New AI Technique Helps Find Alzheimer’s Drug Targets
The use of artificial intelligence in discovering and developing new medication has been in progress for more than a decade. However, the recent advancement in AI technology and research has truly enabled us to bridge the gap between theory and realistic treatment options.
Incilico Medicine and the University of Cambridge jointly published a paper in Proceedings of the National Academy of Sciences (PNAS), on the success of an AI-based technique that has enabled a major breakthrough in identifying new targets for Alzheimer's and other diseases with protein phase separation (PPS).
Dr. Michele Vendruscolo, lead author and co-director of the Centre for Misfolding Diseases at the University of Cambridge has called the breakthrough a “game changer.”
PPS can lead to different types of neurodegenerative diseases and cancers as it causes “clogging” of molecules. Dr. Vendrucolo pioneered a new method, called FuzDrop, to determine which proteins in the body will undergo PPS. The FuzDrop method is able to predict which proteins will undergo phase separation by performing a sequence-based identification of both droplet-promoting regions and aggregation-promoting regions within droplets.
However, it has been a challenge to find the link between these proteins and the relevant diseases so new treatments can be developed. Now for the first time, AI technology has allowed us to bridge this gap.
A team of researchers headed by Dr. Vendruscolo and Insilico Medicine’s AI target discovery platform, PandaOmics, has enabled the FuzDrop method to discover three new targets associated with Alzheimer’s disease. This has paved the way for future drug development not just for Alzheimer's but also for other diseases and cancers.
Insilico Medicine is one of the leading generative AI drug discovery and biomarker development companies. Based out of Hong Kong, the company is advancing new therapeutics using gen AI. Insilico uses clinical trial analysis with next-generation AI systems to help in the discovery and development of innovative drugs. It has been collaborating with the University of Cambridge since September 2021 to find new ways to identify solutions to PSS-prone diseases, such as Parkinson’s’ and Alzheimer’s.
Commenting on the breakthrough, Insilico Medicine founder and CEO Alex Zhavoronkov, told Datanami that “ Protein phase separation has been a key research focus for scientists like Dr. Vendruscolo who have long understood the important role it plays in diseases like Alzheimer’s and Parkinson’s, as well as cancer. But until this method was applied, they were not able to connect the proteins involved in this process with diseases in order to identify actionable targets for the development of new drugs.”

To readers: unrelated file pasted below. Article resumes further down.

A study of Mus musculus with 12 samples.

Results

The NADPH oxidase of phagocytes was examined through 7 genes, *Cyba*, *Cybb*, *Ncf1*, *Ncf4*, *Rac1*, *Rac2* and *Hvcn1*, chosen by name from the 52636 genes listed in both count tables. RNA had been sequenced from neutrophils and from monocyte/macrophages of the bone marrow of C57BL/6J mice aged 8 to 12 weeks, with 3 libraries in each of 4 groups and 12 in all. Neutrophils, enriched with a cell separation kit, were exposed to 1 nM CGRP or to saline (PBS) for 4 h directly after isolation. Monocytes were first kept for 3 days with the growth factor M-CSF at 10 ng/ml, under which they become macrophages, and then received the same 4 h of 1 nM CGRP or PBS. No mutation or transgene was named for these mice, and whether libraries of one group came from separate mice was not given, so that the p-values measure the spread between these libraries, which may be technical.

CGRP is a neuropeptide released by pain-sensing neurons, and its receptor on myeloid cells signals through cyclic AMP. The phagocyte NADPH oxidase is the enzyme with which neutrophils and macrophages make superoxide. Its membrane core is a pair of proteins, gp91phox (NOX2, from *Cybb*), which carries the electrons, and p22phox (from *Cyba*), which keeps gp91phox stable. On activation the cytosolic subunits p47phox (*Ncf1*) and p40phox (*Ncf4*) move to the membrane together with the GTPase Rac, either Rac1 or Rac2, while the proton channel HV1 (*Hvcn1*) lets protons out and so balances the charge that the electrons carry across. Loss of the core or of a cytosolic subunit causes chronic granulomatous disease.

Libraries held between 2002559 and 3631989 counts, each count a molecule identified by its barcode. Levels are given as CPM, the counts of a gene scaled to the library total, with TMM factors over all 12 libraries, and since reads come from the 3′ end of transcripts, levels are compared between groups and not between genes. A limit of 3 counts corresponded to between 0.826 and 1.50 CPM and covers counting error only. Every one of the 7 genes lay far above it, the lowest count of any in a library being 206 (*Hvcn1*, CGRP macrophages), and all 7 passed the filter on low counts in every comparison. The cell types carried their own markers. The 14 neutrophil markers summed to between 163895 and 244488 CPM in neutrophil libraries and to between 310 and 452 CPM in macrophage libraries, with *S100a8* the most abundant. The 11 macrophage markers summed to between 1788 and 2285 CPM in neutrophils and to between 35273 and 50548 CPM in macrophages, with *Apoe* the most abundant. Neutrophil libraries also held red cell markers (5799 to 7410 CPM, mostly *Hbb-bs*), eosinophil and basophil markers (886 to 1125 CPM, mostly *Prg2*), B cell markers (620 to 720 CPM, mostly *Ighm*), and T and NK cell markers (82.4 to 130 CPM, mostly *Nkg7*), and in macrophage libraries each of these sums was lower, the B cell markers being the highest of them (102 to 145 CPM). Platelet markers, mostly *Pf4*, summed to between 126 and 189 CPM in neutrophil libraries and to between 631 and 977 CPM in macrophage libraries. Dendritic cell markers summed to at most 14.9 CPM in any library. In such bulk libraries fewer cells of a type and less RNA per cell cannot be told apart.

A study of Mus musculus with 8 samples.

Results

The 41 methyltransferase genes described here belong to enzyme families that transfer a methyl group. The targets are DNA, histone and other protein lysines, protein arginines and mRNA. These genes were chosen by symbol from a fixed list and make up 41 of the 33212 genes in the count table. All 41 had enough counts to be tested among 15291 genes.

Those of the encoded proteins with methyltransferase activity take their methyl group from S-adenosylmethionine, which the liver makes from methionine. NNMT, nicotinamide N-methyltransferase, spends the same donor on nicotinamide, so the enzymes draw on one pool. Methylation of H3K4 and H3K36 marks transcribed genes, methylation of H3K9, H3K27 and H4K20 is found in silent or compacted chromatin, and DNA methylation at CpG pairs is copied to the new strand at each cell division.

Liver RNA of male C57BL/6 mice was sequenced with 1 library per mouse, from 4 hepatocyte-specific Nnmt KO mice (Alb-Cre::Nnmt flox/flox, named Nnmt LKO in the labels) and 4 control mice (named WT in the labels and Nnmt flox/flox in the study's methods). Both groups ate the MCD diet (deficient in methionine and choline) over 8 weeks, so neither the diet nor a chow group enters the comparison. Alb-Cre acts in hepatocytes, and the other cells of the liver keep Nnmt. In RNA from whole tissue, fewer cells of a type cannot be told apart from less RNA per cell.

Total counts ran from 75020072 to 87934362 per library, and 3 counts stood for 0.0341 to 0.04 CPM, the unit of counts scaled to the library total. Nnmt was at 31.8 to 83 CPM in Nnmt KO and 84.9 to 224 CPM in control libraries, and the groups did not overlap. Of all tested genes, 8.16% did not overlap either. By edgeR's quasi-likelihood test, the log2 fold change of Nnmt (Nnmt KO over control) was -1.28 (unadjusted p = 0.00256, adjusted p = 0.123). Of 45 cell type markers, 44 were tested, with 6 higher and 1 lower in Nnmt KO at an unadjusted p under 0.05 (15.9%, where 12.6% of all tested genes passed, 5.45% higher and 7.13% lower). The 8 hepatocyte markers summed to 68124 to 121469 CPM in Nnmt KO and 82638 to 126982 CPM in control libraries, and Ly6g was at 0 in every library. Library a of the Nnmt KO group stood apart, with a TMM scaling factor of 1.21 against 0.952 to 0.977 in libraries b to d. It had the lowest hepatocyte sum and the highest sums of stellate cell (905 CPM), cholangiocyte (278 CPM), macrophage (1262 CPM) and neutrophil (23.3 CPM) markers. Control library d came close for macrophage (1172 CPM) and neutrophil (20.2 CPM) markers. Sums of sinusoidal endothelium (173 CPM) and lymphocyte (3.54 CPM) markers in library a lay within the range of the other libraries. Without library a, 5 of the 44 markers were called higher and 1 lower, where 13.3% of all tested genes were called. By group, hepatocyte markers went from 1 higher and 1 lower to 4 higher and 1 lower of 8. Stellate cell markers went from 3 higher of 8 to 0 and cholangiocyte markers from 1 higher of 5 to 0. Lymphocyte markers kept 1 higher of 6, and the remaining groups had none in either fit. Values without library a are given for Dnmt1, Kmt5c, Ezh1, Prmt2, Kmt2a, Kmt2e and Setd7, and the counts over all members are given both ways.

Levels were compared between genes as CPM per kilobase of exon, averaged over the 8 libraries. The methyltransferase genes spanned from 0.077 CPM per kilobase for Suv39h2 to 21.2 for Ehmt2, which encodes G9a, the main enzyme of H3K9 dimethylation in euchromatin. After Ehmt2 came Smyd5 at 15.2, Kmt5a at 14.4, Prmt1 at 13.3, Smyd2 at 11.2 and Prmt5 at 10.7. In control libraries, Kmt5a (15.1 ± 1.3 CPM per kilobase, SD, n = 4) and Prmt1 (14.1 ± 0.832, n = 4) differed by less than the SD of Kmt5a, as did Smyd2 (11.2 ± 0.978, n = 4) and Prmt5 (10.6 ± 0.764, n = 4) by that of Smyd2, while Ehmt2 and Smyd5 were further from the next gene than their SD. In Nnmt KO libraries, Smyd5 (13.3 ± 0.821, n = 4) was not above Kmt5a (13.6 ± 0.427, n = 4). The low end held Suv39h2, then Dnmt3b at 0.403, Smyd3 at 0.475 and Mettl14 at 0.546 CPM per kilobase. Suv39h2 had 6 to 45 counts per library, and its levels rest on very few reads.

He also told Datanami that “PandaOmics uses AI to sift through massive quantities of data – including OMICs data, and data from clinical trials, grants, patents, and publications, in order to identify targets – connections between biological processes and diseases that can be acted on by drugs to stop a disease progression.”
Dr. Vendruscolo’s FuzDrop method was combined with Incilco Medicine’s AI target discovery engine, PandaOmics, to discover that connection with specific diseases to find targets. PandaOmics uses AI technology to search through huge quantities of data – including OMICs data, and data from clinical trials, patents, publications, and grants, in order to identify targets – connections between biological processes and diseases that can be acted on by drugs to stop a disease progression.
“We are pleased to reach this milestone in our collaboration with the University of Cambridge,” said Frank Pun, PhD, head of Insilico Medicine Hong Kong, and co-author of the paper. “The study is intended to provide initial directions for targeting PPS-prone disease-associated proteins. With ongoing technical advancements in studying the PPS process, coupled with growing data about its roles in both cellular function and dysfunction, it is now possible to comprehend the causal relationship between PPS targets and diseases. We anticipate facilitating the translation of this preclinical research into novel therapeutic interventions in the near future.”